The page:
Once the countryside around Naples was known as “felix” – meaning bountiful, happy. It was one of the most fertile tracts of land in Italy, and it still is.
But then the local Mafia, the Camorra, grabbed the verdant, high-yielding fields and turned them into the country’s largest waste dump, packed with burning trash ferried in from the richer north and even from abroad. Dante would feel at home here.
The area began being called “the land of fires,” but it has nothing to do with Magellan’s Tierra del Fuego.
The flames are nasty, smelly, and toxic. The burning of illegal trash dumps, which are set ablaze to make room for even more hazardous waste, is lethal to the environment and human beings. The smoke can be seen at all times but especially at night, when the criminals who light the fires can slip away unnoticed.
The bonfires burn at the end of inaccessible country roads and on the outskirts of about 50 towns scattered between Naples and Caserta, where heaps of garbage lie on streets because of poor waste management and labor disputes.
The Mafia has infiltrated the consortiums that handle waste removal in nearly every town. It imposes high prices for removing trash and even employs workers who are easy for Mob leadership to control. The Camorra therefore wins both ways: It ensures that legal trash removal business is far from perfect, and it drives frustrated Italians into the hands of the Camorra’s illegal collection and disposal businesses.
Trash has been found buried beneath roads, in ponds, and in 100-foot-deep pits, contaminating aquifers and fields and poisoning agricultural produce.
The inferno, covering more than 220 hectares, is administered by the Camorra and other criminal groups who have made illegal waste disposal one of their biggest revenue streams. “Monnezza [trash] is gold,” Nunzio Perrella, a famous Mafia snitch, told judges in 1992.
This version of the Mob has been dubbed “the eco-Mafia” because it despoils the environment to make big money: $1.4 billion in 2012, according to Italy’s environmental lobby Legambiente.
The legal disposal of hazardous waste is more expensive than that of normal trash and may cost as much as $826 per ton. The Mafia offers low-cost, highly convenient waste-disposal services by employing illegal workers and avoiding taxes and dues through money laundering.
The devastation, which has been going on for years, recently spread to more villages, triggering mass protests, public outrage, and doubts about whether Italy’s premium products – including mozzarella cheese and San Marzano tomatoes – are contaminated.
Mozzarella producers recorded a 30 percent drop in sales in November, amounting to a loss of about $27.5 million.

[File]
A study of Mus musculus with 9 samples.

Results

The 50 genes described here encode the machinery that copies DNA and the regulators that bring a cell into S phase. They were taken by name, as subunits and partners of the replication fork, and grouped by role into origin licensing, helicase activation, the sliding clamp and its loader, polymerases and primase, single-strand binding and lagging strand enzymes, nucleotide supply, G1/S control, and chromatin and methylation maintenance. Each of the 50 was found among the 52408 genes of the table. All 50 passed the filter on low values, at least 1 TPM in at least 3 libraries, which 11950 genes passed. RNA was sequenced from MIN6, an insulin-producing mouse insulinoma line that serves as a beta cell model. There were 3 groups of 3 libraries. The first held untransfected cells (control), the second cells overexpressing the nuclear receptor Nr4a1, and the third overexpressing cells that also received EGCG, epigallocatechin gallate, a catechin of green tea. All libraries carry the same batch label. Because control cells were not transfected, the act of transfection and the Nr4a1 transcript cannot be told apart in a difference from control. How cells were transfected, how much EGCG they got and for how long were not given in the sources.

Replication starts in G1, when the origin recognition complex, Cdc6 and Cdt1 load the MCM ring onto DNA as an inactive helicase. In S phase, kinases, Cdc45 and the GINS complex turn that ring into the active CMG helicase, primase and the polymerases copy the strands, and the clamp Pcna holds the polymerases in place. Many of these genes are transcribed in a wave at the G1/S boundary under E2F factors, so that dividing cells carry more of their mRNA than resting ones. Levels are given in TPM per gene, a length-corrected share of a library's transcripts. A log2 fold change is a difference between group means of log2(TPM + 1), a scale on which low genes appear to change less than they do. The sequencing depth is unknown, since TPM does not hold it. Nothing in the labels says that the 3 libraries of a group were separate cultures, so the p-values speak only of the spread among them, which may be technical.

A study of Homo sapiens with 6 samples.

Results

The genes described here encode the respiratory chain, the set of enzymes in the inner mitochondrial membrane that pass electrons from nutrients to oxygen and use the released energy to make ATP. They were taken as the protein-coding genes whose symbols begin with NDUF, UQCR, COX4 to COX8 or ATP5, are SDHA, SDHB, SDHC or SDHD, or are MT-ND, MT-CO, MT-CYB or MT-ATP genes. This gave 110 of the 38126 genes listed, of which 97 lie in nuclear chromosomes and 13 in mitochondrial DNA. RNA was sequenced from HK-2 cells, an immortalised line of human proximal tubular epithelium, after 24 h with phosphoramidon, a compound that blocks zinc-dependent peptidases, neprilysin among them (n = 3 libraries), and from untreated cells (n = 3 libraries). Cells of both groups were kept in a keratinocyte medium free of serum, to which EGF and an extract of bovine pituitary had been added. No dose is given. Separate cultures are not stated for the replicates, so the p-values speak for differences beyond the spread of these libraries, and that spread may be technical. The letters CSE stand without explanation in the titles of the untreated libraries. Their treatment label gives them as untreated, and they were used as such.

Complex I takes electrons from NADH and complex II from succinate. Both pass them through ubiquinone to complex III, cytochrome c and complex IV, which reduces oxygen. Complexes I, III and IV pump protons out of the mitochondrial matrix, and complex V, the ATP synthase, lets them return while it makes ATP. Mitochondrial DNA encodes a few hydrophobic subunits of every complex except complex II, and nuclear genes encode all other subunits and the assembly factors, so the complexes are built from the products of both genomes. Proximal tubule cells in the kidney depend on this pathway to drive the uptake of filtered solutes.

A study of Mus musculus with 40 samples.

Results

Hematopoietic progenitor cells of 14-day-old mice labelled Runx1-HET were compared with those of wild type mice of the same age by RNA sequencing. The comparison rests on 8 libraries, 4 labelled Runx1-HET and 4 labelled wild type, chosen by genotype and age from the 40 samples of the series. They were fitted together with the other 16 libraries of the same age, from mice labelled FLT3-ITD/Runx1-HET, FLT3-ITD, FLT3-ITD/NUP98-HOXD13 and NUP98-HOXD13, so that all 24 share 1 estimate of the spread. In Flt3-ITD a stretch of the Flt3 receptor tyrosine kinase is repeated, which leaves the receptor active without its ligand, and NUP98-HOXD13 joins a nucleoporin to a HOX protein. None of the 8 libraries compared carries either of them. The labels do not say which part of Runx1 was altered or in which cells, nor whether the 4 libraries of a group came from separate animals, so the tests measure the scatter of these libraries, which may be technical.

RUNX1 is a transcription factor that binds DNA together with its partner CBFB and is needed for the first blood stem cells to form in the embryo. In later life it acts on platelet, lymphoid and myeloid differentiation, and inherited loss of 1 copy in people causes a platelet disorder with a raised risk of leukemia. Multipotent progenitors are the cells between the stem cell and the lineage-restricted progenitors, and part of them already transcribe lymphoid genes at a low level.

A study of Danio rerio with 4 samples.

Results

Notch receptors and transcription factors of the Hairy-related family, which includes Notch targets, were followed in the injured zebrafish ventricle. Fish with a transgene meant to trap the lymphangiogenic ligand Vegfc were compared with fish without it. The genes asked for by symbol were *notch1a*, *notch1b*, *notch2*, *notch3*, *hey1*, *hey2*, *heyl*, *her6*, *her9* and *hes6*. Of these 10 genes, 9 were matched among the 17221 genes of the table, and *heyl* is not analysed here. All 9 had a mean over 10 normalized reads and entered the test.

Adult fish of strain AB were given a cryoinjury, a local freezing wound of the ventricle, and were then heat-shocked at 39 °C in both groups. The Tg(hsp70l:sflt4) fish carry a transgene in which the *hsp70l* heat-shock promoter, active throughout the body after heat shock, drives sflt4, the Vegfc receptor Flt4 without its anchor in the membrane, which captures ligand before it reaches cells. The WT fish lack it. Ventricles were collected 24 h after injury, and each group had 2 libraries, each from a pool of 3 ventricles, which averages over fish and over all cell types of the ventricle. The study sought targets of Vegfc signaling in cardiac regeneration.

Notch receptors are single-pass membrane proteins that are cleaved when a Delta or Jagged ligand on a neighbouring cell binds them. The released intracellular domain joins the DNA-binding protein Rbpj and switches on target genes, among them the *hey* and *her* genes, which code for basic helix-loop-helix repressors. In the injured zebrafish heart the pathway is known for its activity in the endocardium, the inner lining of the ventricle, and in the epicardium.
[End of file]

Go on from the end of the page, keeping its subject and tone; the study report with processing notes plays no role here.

“This is all bad publicity for Italy’s products,” said Raffaele Lettieri, mayor of Acerra. “It’s driving down the global reputation of our vegetables and dealing a blow not just to the local economy but also to Italy’s global image.
“My friends living abroad have stopped buying made-in-Italy products. Some 1,500 farmer families live off this land and each day take to the streets to protest.” Lettieri has succeeded in halving the number of fires by tightening controls and increasing police patrols.
In Acerra, local task forces clear farmlands of highly flammable underbrush and open abandoned rubbish bags in search of evidence with which to track down offenders. A website publishes photos of transgressors submitted by locals and warns of new fires, while an app directs authorities to where trash has been abandoned.
So far three groups of culprits have been identified: specialized bands who burn rubber to extract copper wire; small businesses and artisans who violate production regulations, employ illegal workers, and illegally dispose of their toxic by-products; and self-defeating individuals who burn rubbish to draw attention to the waste scandal.
The fires are making Italians seriously ill.
“Many young friends of mine have died, and the number of people falling sick has drastically risen,” said Vincenzo Cenname, mayor of Camigliano. There are no precise data, but Italy’s health authorities have calculated that towns with the highest concentration of illegal dumps have higher infant and adult mortality rates, increased malformations at birth, and a rise in cancer rates up to 20 percent.
In the past 22 years more than 10 million tons of waste have been thrown into the land of fires. A total of 82 investigations have been conducted into 443 firms and more than 900 Mafiosi have been arrested, said Legambiente.
In 1997 Mob informer Carmine Schiavone testified how the Camorra dumped 800,000 tons of waste around the Mafia stronghold Casal di Principe. “In 20 years, everyone there risks dying of cancer,” he said.
Some belated action is being taken. On December 3, the Italian government passed the Land of Fires Decree introducing harsher sentences – up to eight years in jail – for those found setting illegal fires and strict new controls on what may be burnt on farmland.
There will be a complete mapping of fields to identify those contaminated by the fires. Those fields will be isolated from the healthy ones, though exactly how this will work remains vague. The decree also allocates $826 million to clear illegal landfills and proposes the deployment of the military to root out illegal fire setters.
"We can’t wait to enforce stricter penalties,” said Lettieri. “Waste burning is a crime against humanity. It kills.”
“The eco-Mafiosi are not gangsters who go around with a handgun, but they want to make easy money at the cost of the environment and people’s health,” said Cenname. “Many citizens still lack a civil conscience, and so long as the common good is not part of their DNA, things will never change.”